Night has come.
The evening’s ripples smooth themselves into a dark glass.
I sit here at my desk,
my grief cradled in my hands like a nestling
found abandoned in the thickets.
In the apartment across from mine, your lamp flickers.
I can make out your face, undulating in the shadows
your profile a pale, waning crescent.
You are hunched at your desk, shoulders tense,
your hands ash-like as swallowtail wing,
a half-moon of ink under one fingernail
(so close I could almost reach out and touch you).
Though we are strangers, we met once,
long ago, on the lonesome shores of that other hemisphere,
You lying beside me among the rushes, your tear-stained face streaked with
the dust of Malebolge,
The memory so faint now it sits with the Pleiades’ dimmest stars.
Your pen whispers, that quiet staccato that is yours alone,
your breath carving each vowel, the words rising and falling.
Through the beveled glass, our eyes
meet for a brief moment, the length of a heartbeat.
we look away, embarrassed, conscious suddenly of being strangers
gazing into lives that are not our own.
You return to your writing,
I to my books.
Between us, the night swells.
A shadow, you roam the weeping crags,
your grief wrapped tight around you.
The withered branches of your face,
the twisting bark of your skin, have known
the touch of violence:
How it hardens, how it mangles.
Among the rows of missing bodies and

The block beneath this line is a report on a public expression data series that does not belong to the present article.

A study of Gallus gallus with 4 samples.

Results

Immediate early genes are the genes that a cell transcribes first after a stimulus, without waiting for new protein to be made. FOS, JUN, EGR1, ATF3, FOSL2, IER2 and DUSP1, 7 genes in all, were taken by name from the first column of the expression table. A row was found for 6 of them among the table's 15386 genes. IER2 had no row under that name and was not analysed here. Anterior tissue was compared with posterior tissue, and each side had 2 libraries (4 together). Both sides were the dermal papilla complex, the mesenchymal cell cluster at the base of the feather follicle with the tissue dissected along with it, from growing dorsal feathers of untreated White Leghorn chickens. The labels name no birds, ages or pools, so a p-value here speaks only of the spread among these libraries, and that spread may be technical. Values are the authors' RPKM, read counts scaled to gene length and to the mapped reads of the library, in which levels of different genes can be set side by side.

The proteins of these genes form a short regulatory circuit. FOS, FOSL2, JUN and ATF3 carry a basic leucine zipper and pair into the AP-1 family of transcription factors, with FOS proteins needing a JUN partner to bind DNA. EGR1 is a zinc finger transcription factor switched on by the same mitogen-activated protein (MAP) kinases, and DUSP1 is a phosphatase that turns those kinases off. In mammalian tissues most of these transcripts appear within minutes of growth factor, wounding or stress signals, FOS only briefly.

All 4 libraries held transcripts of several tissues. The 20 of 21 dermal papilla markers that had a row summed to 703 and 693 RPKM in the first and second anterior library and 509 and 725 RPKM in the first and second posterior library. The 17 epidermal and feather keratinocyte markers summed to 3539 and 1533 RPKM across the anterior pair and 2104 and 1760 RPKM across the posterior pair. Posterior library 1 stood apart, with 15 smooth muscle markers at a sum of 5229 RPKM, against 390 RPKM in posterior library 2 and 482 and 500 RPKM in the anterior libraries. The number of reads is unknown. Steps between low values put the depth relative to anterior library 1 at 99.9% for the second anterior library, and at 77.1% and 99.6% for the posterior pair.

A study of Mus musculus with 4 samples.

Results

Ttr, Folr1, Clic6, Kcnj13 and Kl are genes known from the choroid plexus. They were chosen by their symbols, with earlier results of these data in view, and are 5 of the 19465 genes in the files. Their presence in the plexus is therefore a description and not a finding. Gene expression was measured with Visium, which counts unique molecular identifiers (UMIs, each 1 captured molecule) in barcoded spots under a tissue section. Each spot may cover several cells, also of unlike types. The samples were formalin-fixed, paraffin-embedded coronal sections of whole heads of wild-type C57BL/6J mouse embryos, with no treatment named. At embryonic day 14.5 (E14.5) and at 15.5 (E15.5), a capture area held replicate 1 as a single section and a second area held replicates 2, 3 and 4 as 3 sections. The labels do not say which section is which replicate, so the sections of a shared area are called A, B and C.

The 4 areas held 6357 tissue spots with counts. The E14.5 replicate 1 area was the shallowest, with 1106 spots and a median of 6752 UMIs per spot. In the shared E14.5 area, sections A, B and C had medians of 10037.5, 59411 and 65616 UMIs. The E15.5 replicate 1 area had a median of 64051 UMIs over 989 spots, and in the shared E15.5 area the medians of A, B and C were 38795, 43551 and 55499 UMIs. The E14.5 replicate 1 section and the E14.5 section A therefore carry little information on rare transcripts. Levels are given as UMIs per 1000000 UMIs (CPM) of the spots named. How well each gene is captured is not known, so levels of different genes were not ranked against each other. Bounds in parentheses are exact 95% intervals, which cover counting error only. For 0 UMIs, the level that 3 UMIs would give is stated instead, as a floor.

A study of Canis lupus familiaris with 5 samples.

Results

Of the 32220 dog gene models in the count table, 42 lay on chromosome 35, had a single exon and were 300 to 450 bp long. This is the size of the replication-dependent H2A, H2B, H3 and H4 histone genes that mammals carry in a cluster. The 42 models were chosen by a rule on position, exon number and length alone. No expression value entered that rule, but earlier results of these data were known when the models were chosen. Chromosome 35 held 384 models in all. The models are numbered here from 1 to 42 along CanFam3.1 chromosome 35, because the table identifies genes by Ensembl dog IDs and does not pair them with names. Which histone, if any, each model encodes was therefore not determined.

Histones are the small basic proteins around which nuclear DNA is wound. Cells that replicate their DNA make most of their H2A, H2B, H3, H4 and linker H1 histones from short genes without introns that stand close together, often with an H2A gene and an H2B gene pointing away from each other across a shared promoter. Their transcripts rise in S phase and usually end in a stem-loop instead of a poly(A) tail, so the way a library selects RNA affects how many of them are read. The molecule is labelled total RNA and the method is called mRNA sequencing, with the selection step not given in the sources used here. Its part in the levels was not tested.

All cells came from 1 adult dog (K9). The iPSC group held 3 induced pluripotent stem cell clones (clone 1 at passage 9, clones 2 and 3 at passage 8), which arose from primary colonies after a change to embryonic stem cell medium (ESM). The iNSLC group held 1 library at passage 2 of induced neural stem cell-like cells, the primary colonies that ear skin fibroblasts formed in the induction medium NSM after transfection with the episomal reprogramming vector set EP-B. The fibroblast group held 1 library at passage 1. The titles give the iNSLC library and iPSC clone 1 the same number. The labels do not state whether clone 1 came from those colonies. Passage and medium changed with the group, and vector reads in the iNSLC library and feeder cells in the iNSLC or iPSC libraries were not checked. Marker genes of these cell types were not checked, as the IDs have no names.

makeshift tombs, the spring dawn
yawns itself awake, unfurling its
tendrils unabashed, daffodils
quivering wet and raw in the flush whisper
of morning, early lilacs dawdling down
tangling paths, skirts seeping plum, peach, apricot.
You stand, uncomprehending, as the gardener
shouts your name, his face like the gathering of dawn
over Yamtha d’Genesar, the far-off shores of youth lapping
at the threshold of your memory, the dirt of his fingers
whispering a mother tongue you can’t recall.
Noli me tangere, the new leaves hush,
and you withdraw a trembling hand.
Alone you drift over mountain and desert,
barefoot you wander the rocks of Ḥaqel d’Ma,
scattering with the snows of Ture-Kardu,
and onwards into the sands of Yeshimon you fade,
as the ripening spring
reaches out its fingers to you, its young buds
rooted in such a fragile and unlikely premise:
that the dead return.
Let the dead
rest, you say, let them be,
those who whisper
among the unquiet phantoms
of linden and poplar.
In that unbridgeable garden
a place so patient, as if
in this quietude
you will find, perhaps,
a small pocketbook, a gold ring
with your mother’s face.
Look, do you see?
Two girls run across Pont Neuf,
faces flushed, skirts in hand.
Will you not
glance their way,
those laughing ones with waxen
eyes and wrists
all critics agreed,
Cassandra Jordan is a writer living in New York City. She is interested in the histories beneath history and the stories within stories.